Mickey Mouse Is Lonely as Disney Struggles

“With every passing day of coronavirus uncertainty and social upheaval, Disney finds itself scrambling not only for revenue but also for relevance.” “How Disney could be facing a lot more than a lost summer,” Steven Zeitchik, The New York Times.


When it comes to licensing and entertainment, The Walt Disney Corporation has, over the decades, become “The” dominating force in entertainment and licensing. The Walt Disney Company owns a high percentage of the world’s most popular entertainment brands, and they get a steep royalty and guarantees because of it. As the riddle goes: “Where does an 800-pound gorilla sit? Anywhere he wants.”

That was then, and this is now. Coronavirus has changed the game for everyone, and The Walt Disney Company is, perhaps surprisingly, no exception. Why, because much of what makes the company so dominant is its dependence on crowds. Crowds at movie theaters. Crowds at theme parks. Crowds at sporting events (don’t forget that they own ESPN). Crowds at Broadway theaters. Crowds at retail stores. Mickey Mouse is lonely.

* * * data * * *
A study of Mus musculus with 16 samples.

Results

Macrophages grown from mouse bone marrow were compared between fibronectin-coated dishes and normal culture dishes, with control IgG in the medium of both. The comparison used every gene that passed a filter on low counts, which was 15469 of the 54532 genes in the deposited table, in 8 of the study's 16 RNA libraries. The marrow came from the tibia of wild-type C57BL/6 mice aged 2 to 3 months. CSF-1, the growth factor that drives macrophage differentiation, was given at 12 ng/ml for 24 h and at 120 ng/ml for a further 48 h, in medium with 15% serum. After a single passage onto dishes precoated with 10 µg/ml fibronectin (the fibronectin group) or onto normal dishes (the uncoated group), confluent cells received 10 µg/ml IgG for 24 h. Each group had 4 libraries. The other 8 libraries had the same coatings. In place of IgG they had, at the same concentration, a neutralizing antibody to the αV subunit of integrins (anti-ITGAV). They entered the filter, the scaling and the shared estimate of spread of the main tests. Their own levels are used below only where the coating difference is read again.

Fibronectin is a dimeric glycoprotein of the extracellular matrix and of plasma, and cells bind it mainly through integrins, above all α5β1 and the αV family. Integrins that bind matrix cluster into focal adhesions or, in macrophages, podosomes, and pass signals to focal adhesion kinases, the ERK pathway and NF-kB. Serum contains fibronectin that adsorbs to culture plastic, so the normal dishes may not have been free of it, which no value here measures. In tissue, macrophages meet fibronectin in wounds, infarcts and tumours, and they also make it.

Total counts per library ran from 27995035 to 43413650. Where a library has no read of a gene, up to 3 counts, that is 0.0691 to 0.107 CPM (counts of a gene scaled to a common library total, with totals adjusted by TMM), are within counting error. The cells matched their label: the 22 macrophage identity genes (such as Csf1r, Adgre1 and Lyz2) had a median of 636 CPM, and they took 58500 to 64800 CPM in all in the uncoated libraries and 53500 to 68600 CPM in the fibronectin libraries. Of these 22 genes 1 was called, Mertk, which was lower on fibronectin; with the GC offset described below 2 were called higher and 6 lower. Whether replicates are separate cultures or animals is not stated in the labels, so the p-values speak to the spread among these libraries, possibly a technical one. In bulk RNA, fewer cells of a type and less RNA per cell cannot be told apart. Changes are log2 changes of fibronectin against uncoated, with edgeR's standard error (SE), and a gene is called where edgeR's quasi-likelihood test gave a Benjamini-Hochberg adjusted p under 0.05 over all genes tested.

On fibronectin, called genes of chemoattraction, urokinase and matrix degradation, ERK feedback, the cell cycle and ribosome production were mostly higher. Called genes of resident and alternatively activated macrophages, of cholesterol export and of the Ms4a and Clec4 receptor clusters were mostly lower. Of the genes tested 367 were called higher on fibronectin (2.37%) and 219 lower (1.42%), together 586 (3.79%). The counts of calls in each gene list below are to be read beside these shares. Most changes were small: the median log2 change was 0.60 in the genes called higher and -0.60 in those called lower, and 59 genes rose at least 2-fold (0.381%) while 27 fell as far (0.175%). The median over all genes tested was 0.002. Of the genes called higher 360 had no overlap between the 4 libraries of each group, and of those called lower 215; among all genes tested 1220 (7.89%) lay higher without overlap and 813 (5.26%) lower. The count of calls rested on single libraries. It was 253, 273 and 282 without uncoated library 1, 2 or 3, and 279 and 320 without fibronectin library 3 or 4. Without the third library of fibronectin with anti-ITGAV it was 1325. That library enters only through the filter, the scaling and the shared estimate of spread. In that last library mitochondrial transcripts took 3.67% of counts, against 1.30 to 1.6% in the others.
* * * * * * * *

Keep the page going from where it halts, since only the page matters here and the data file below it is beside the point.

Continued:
But, of course, these days there are no crowds. Theme parks are closed, movie theaters are closed, stores are closed, sporting events are closed, and Broadway is closed until next year.

What is The Walt Disney Company to do? Coronavirus has flared up with a vengeance in Southern California and Florida, home to the company’s major theme parks. Health officials see movie theaters as incubators for Coronavirus. AMC theaters, the world’s biggest movie theater chain, is talking bankruptcy. Retail is reopening, but projections are that 25% of America’s 1200 malls are in danger of closing. That according to Deborah Weinswig, founder of Coresight Research, as quoted in The New York Times.

Disney+ has come to the rescue with its airing of “The Mandalorian” and now “Hamilton.” Yet, there is a concern there as well. The company has chosen or been forced to release its “Artemis Fowl” movie via streaming video rather than theaters. Digital streaming is undoubtedly an alternative but a disappointment to children and parents who want to see a Disney feature on the big screen. It is an even bigger disappointment to toy companies and retailers who depend upon blockbuster openings to drive sales of licensed tie-in products.

If digital streaming becomes the way forward than everyone may have to take a second look at the current costs of licensing. Keep your eye on The Walt Disney Company, they are the major tent pole for a whole lot of tents, and their destiny will have a significant impact on all of us.